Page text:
I was wondering where you got your voice, because one thing that really came across in your book is: This is a funny person, this is a charismatic person. Where does that come from for you?

I think that trying to make people laugh comes from a coping mechanism of being gay as a child, always trying to make people laugh so they didn’t laugh at you. But as an adult, I just have always been quick and witty with my commentary. I’ve always been this very upfront and brash person when it comes to giving advice to my friends or giving feedback. I’m not afraid to tell them like it is. In the book, I call it tactful pettiness. You might be trying to get a point across because you want someone to do better or change, but it comes with a little bit of humor so it doesn’t hurt so hard.

Another thing I get from your book is that you’re trying to encourage people to feel more confident. Where do you put your confidence on a daily basis?

I really think it varies on the day and with what I’m taking on. When we’re in familiar spaces, when we’re doing the routine, when taking on things that we’ve had a few goes at, I feel super confident with that. With this book launch, there’s a lot of news. There are photo shoots, there’s live television, there’s bearing my soul in 220 or so pages. It’s all new, and that level of confidence isn’t always there. But I always stick to my foundations of knowing that what I’ve done in life is going to prepare me for new scary chapters. I have lived 36 years of my life and, no matter what, I’ve always figured it out, even if it’s scary or has me on the edge of the seat. And I hope that people also realize that in themselves.

This book has some very vulnerable moments for you. You go really deep into some things that might surprise someone who only knows you as a Peloton instructor. What was it like sharing those vulnerable moments and memories?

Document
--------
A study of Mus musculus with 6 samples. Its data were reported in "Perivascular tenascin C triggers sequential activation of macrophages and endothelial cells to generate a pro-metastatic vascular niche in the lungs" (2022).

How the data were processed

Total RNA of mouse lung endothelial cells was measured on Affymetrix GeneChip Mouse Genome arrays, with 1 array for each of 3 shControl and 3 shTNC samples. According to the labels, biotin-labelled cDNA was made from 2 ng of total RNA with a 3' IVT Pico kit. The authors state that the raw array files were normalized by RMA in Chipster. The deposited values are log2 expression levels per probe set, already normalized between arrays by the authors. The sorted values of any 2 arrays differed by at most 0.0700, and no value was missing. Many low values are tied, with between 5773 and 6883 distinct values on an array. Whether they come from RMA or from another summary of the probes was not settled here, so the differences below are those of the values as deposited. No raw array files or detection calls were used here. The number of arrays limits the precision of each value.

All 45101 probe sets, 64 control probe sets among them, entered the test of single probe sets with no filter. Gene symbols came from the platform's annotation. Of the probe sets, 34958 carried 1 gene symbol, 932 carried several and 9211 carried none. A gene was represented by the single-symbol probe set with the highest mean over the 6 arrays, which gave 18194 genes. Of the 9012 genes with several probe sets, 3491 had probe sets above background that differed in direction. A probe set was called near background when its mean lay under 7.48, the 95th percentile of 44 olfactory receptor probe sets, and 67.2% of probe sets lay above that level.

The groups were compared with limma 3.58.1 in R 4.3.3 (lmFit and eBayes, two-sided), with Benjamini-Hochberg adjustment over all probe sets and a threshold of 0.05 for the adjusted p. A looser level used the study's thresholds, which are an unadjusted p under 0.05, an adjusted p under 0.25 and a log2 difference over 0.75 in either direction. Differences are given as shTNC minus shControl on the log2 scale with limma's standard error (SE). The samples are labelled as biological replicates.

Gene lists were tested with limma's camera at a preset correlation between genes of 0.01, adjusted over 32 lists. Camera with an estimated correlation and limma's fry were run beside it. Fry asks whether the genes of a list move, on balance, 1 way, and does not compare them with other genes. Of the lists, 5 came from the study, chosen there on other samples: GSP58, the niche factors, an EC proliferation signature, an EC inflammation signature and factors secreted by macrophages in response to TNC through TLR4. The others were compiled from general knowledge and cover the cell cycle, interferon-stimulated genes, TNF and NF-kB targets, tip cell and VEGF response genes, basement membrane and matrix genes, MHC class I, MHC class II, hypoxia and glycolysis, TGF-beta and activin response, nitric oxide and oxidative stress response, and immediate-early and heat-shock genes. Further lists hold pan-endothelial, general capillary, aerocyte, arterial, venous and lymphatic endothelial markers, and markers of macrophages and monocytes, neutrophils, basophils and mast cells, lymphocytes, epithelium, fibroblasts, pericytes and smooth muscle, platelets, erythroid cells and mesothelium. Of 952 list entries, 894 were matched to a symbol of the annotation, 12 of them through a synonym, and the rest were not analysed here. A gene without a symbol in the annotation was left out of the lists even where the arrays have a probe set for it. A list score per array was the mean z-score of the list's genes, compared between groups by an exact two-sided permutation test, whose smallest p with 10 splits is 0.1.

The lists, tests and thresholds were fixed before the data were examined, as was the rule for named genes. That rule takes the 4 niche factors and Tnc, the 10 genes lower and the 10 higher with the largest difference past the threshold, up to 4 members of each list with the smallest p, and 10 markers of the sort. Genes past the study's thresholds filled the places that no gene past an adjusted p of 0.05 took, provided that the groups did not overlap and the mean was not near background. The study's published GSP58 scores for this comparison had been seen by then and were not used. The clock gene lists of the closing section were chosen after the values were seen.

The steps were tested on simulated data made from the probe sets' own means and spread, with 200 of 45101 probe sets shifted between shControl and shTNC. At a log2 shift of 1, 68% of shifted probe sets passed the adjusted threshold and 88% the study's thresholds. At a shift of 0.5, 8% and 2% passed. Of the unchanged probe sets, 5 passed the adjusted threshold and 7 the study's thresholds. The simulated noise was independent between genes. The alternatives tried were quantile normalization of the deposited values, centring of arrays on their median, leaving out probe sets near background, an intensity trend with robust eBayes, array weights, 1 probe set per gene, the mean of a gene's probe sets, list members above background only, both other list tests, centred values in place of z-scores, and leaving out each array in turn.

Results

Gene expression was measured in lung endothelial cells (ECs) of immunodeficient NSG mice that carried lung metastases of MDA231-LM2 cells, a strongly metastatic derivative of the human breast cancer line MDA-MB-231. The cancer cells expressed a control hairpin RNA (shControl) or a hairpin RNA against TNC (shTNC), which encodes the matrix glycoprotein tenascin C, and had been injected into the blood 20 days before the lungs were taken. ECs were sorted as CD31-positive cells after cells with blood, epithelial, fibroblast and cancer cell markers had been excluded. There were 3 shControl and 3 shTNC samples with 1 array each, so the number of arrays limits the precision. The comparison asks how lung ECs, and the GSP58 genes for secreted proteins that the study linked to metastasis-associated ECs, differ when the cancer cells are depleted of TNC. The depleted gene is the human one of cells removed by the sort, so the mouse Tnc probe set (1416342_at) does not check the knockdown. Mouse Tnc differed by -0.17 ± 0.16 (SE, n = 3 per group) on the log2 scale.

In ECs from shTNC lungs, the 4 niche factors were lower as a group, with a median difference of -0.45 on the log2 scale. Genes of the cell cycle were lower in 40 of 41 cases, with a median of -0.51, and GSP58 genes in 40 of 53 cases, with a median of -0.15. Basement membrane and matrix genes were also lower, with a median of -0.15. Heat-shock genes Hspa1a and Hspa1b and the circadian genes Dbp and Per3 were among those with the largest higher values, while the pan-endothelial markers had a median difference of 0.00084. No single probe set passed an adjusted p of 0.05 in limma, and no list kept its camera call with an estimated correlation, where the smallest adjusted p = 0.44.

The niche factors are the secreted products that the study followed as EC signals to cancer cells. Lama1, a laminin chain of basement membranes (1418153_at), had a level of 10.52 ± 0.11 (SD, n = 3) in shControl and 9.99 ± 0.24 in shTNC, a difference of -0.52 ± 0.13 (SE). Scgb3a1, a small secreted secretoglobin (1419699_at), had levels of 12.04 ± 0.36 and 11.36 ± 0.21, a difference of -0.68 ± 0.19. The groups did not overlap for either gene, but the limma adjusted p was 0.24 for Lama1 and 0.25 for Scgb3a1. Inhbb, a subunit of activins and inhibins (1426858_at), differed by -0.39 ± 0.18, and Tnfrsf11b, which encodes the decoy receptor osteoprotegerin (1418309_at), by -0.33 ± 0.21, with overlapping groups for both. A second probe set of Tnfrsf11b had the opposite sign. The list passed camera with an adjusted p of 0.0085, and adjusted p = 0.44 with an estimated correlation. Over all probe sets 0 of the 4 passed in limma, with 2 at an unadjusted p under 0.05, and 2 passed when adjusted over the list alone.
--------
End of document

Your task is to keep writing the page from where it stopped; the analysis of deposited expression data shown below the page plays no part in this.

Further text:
Well, I think we all have a lot of dimensions to us. With Peloton and maybe social media, it’s kind of curated and we get to put a filter on what we share. Typically, I try to make those spaces very happy and upbeat. I share a lot of the good or the funny, but working out can be really vulnerable. I think sharing some of my stories inspires people, but I’ve only been able to really share them in little clips or little bits. And so to share this stuff…I don’t want to say it was challenging. It was actually really therapeutic for me. Fortunately, I have taken some time to process the passing of my father, the passing of my best friend, growing up very poor, dealing with a mother who faced addiction and mental health issues. And I’ve been able to really process the resentment and pain that I’ve had and let that go through therapy and through meditation.

The most powerful part of your book for me is when you talk about your mom, Cindy. When you talk about how she’s influenced the humor you use in your classes, I thought that was so interesting. Could you talk a bit about what that relationship has looked like for you?

I think everybody has a complicated relationship with their parents. No matter how well they provided for you, no matter how good they were at X, Y, and Z, there’s always going to be a level of complication. And I think that really comes down to a little bit of generational trauma. I think we all inherit something from our parents, and if we decide to have kids, I think it’s our responsibility to unpack and process as much of that as we can in hopes that we don’t pass that on to future generations. And I think that’s a big reason why I’m unsure if I want kids. Like, have I done enough work yet?